On the evening of June 5, parts of the expansive San Joaquin Valley were deluged with an inch-and-a-half of rain. This unusually large amount of rain this late in the spring has put an exclamation point on the cold, wet spring that California has experienced.
“In 1995, it hailed on June 15,” said Wayne Brandt, president of Brandt Farms Inc. in Reedley, CA, discussing the last time June produced such a weather abnormality. “Some dates just stick with you.”
He said that June of this year will definitely be one for both the record book and the memory bank. But then he quickly added, “We had some cold weather like this last year as well. We are starting to wonder if this is going to be the pattern.”
In 2010, a much colder-than-normal spring did delay the start of the California tree fruit and grape deals from the valley, causing most growers to be about a week behind the previous year. This year the weather has even been colder, with many varieties and trees two weeks behind 2009 pick dates.
The San Joaquin Valley had more days below 70 degrees in May than in any time in recorded history, and there were virtually no days when temperatures were above normal.
But there is heat at the end of the tunnel.
Temperatures were forecast to hit 90 degrees by June 10 and again for most of the week of June 13. Other than the freak rainstorm that hit the first weekend of June, there had been a slight increase in temperatures, and the fruit was maturing.
“Most shippers are seeing more volume, and supplies are picking up,” said Mr. Brandt. “Within two weeks, we could see some very good volumes.”
In fact, on Wednesday, June 8, Mr. Brandt said that he was writing some ad orders for three weeks down the road, anticipating strong volume by then on peaches, plums and nectarines. With supplies lagging behind a bit, the market was strong. Both the plum and nectarine markets were above the $20 level, while nectarines were in the high teens.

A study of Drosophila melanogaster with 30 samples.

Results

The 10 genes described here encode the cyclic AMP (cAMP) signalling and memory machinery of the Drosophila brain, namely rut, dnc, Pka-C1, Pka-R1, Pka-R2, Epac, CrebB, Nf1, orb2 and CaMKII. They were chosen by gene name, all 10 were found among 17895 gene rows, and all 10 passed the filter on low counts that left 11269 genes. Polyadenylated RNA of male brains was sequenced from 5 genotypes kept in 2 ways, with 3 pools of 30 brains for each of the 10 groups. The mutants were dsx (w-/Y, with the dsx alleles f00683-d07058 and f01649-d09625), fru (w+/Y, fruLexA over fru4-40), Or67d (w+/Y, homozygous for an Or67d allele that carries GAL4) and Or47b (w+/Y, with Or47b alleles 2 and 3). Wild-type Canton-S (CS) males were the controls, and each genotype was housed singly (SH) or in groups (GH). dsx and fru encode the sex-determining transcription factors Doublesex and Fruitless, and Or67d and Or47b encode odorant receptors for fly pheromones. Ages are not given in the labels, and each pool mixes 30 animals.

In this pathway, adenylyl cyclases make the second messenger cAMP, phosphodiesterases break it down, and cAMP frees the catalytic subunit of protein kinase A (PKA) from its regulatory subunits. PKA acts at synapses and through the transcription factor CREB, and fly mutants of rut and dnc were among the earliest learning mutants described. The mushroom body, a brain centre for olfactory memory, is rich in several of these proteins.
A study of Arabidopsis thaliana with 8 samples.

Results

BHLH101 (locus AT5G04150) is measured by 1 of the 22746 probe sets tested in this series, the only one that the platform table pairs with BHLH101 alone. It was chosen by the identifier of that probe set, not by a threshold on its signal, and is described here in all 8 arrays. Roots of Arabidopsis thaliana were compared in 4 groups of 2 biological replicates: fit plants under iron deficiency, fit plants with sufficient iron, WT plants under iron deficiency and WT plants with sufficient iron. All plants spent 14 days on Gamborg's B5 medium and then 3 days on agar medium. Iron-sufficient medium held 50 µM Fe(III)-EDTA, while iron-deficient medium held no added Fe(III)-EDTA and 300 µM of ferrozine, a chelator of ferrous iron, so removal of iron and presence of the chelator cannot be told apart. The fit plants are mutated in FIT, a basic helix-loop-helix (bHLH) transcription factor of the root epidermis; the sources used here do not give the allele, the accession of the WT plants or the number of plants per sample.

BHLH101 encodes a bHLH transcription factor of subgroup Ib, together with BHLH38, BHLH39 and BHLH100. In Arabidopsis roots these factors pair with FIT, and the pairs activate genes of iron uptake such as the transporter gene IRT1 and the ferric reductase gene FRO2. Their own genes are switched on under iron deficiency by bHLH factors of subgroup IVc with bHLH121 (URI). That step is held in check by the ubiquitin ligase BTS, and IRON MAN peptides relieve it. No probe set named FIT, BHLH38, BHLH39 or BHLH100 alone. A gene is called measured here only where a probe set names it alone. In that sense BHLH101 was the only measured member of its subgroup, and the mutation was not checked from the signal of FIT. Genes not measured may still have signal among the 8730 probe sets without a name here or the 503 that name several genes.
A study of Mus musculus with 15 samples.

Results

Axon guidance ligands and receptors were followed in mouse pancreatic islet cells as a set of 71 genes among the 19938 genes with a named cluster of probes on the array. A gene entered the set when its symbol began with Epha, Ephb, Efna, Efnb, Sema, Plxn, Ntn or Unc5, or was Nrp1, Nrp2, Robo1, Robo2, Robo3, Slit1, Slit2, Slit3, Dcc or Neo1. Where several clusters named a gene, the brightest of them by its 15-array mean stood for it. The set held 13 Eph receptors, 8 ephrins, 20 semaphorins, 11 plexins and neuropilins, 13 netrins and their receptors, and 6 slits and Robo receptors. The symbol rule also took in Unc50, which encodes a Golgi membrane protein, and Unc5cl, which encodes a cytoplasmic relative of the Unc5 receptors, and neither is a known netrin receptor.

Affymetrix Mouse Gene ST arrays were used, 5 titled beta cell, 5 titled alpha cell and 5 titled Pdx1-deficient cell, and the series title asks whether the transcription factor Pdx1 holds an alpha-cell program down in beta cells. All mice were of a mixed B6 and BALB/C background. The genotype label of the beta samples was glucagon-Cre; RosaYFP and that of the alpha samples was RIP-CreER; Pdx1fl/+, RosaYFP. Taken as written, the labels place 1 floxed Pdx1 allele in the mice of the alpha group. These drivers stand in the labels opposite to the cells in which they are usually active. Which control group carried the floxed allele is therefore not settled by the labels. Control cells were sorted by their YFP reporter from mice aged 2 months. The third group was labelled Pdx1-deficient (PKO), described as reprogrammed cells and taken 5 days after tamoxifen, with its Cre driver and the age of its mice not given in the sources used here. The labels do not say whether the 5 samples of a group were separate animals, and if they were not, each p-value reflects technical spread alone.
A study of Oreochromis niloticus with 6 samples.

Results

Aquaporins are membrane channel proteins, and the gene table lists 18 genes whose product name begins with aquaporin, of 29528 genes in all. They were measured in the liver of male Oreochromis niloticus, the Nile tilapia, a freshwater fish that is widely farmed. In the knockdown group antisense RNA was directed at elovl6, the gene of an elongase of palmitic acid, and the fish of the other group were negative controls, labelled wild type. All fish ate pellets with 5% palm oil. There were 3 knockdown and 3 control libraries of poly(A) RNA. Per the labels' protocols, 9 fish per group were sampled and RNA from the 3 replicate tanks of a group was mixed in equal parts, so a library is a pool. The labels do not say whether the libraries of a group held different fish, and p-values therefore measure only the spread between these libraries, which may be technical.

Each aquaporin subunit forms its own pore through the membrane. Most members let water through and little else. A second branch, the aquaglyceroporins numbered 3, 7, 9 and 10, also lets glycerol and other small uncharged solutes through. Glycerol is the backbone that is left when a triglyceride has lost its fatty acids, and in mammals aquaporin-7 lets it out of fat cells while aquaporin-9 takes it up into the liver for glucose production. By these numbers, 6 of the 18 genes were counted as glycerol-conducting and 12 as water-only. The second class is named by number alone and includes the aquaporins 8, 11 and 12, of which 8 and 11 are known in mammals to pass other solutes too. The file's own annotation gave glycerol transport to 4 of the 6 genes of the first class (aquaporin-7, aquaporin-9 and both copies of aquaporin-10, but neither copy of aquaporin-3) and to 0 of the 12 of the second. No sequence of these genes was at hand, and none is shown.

The cold and wet spring weather also has caused the California cherry crop to be much lighter and later than usual.
Richard Sambado, director of domestic sales for Primavera Marketing Inc. in Linden, CA, said June 7, “All we have left is the Bing variety, and that was very, very light to begin with. First we were hit with a rain on May 18 and then again on May 25. And then we had heavy rain this past weekend (June 4-5). What it has done is taken a crop that was projected at 4 million [cartons] before the season and reduced it to somewhere between 2 [million] and 2.5 million [cartons].”
He said that the heavy crop of 2010 is partly responsible for the reduction in 2011 because the trees tend to follow a big year with a smaller year, but the rain definitely took its toll.
“There was a lot of rain damage,” Mr. Sambado said. “Our output has been excellent with very nice fruit, but there was a lot of splitting, and we’ve lost fruit.”
With light supplies, the market was above $50 per carton, and the California crop has been in a demand-exceeds-supply situation all season.
“But getting a few more dollars per carton doesn’t make up for the lost fruit,” said Mr. Sambado.
Primavera also grows and sells apples, and the California crop is expected to begin harvest around Aug. 1. This is also a late start due to the weather.
“We were late last year because of the weather, and we are going to be even later this year,” he said. “But the crop is looking good.”
Mr. Sambado said that the weather throughout June and July will have a lot of influence over how late that crop is.
The same can be said for the California grape crop from the San Joaquin Valley, but at this point it does look like there is going to be some length of time between the end of the Coachella Valley production and the start of the season in the Arvin district in the southern portion of California’s San Joaquin Valley.
David Berg, who operates David H. Berg & Co. Inc. in Springville, CA, said June 8 that a gap does appear to be developing between those two deals. Coachella, which has been shipping since May, is expected to finish its harvest prior to the end of June.
“Most everyone in Arvin usually gets started in early July, but there are always a couple of guys that start in June,” said Mr. Berg. “But not this year. Nobody will start until after July 1 — and maybe not until after the Fourth of July.”
However, he said that the San Joaquin Valley can get hot with an extended heat wave working its magic on the crop.
“Then all of a sudden a crop that is seven days late is only five days or three days late. We’ll have to wait and see,” he said.